This paper investigates the impact of legalization on the economic outcomes of the legalized population. It uses a natural experiment caused by the 1986 Immigration Reform and Control Act (IRCA) which gave amnesty for undocumented immigrants who could prove continuous residence in the U.S. after January 1, 1982. The arbitrary cutoff date on the eligibility criteria causes a discontinuity in the relationship between the year of immigration and the probability of being legal. This paper uses this discontinuity to identify the causal impacts of legalization on immigrants' outcomes. Regression discontinuity and difference-in-differences estimates show that immigrants eligible for the policy have a significantly higher probability of being naturalized citizens than those who were not. Legalization is also found to have a positive and significant effect on wages, a negative effect on the probability of working in a traditionally illegal occupation, and no significant effect on geographical mobility. The analysis for different demographic groups confirms such conclusions and shows that the estimated effects of legalization are larger for low-educated Latin American immigrants, the group that was disproportionably affected by the policy.


    Paper provided by RAND Corporation Publications Department in its series Working Papers with number 754.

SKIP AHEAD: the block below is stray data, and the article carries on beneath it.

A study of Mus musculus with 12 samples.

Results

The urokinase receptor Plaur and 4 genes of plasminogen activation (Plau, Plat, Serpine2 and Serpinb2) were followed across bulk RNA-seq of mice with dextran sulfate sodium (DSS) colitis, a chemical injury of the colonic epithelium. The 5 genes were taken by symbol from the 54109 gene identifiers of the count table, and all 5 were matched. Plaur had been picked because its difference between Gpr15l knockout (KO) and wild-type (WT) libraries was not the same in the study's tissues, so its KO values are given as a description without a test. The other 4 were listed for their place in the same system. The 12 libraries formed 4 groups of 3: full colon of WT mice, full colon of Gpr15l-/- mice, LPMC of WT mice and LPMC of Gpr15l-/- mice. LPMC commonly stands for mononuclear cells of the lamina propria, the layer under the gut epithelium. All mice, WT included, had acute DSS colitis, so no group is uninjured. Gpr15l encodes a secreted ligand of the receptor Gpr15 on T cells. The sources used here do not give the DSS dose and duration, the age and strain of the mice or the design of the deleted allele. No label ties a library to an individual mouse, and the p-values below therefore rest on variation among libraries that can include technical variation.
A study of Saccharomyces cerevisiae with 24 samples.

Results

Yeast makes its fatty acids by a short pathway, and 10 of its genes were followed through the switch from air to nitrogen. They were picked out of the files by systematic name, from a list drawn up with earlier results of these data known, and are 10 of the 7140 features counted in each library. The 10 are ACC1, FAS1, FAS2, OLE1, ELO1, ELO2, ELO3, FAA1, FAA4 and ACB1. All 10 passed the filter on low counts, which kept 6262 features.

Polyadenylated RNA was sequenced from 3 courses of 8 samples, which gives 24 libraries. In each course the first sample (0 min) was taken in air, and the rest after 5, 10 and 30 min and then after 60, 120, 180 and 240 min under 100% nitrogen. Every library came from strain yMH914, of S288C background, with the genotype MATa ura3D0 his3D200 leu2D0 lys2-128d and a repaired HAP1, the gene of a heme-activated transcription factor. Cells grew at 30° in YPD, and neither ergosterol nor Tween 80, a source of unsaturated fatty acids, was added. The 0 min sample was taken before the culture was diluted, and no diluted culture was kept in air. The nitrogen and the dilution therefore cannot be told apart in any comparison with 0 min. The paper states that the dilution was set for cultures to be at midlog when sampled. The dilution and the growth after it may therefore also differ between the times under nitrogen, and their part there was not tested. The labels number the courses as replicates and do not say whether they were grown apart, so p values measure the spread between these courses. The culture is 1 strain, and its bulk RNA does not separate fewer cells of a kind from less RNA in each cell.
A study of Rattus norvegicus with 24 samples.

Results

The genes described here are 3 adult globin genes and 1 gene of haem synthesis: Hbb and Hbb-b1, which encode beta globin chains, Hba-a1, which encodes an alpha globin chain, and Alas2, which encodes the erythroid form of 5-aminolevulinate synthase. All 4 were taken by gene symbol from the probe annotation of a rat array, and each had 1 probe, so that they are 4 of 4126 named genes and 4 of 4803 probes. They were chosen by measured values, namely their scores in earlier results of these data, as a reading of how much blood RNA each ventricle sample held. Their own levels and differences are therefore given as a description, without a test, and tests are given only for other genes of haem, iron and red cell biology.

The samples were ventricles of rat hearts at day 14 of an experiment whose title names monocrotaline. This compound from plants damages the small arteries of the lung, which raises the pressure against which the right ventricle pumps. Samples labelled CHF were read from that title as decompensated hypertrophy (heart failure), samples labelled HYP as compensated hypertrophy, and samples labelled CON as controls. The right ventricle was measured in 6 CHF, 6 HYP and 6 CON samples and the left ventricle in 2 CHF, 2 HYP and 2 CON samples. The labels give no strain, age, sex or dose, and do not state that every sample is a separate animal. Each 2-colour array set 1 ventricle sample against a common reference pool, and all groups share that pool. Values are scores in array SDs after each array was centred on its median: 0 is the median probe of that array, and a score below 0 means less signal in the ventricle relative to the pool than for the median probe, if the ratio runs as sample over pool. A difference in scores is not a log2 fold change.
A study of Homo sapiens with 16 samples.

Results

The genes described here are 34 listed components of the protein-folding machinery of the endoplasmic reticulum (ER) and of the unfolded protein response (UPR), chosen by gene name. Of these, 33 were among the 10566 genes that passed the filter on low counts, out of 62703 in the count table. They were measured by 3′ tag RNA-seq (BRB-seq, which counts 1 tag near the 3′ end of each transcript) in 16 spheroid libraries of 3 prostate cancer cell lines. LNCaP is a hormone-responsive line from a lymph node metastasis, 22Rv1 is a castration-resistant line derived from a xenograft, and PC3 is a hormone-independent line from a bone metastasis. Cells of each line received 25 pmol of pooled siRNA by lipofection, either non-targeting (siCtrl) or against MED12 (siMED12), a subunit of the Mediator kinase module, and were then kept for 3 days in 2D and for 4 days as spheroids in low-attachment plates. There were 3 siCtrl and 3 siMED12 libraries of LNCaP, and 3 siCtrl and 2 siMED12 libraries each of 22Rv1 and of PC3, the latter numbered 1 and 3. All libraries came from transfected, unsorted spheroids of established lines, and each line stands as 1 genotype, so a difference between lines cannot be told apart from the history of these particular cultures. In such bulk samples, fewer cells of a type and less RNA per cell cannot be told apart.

Date of creation: Mar 2010
    Date of revision:
    Handle: RePEc:ran:wpaper:754

    2. Francisco L. Rivera-Batiz, 1999. "Undocumented workers in the labor market: An analysis of the earnings of legal and illegal Mexican immigrants in the United States," Journal of Population Economics, Springer, vol. 12(1), pages 91-116.
    3. George J. Borjas & Bernt Bratsberg, 1994. "Who Leaves? The Outmigration of the Foreign-Born," NBER Working Papers 4913, National Bureau of Economic Research, Inc.
    4. Kossoudji, S.A. & Cobb-Clark, D., 1995. "Finding Good Opportunities within Undcoumented Markets: US Occupational Mobility for Latino Workers," CEPR Discussion Papers 331, Centre for Economic Policy Research, Research School of Economics, Australian National University.
    5. Sherrie A. Kossoudji & Deborah A. Cobb-Clark, 2002. "Coming out of the Shadows: Learning about Legal Status and Wages from the Legalized Population," Journal of Labor Economics, University of Chicago Press, vol. 20(3), pages 598-628, July.
    6. Gordon H. Hanson, 2006. "Illegal Migration from Mexico to the United States," NBER Working Papers 12141, National Bureau of Economic Research, Inc.
    7. Sherrie A. Kossoudji & Deborah A. Cobb-Clark, 2000. "IRCA's impact on the occupational concentration and mobility of newly-legalized Mexican men," Journal of Population Economics, Springer, vol. 13(1), pages 81-98.
    1. Ying Pan, 2012. "The Impact of Legal Status on Immigrants’ Earnings and Human Capital: Evidence from the IRCA 1986," Journal of Labor Research, Springer, vol. 33(2), pages 119-142, June.
    2. Joël MACHADO, 2012. "On the welfare impacts of an immigration amnesty," Discussion Papers (IRES - Institut de Recherches Economiques et Sociales) 2012010, Université catholique de Louvain, Institut de Recherches Economiques et Sociales (IRES).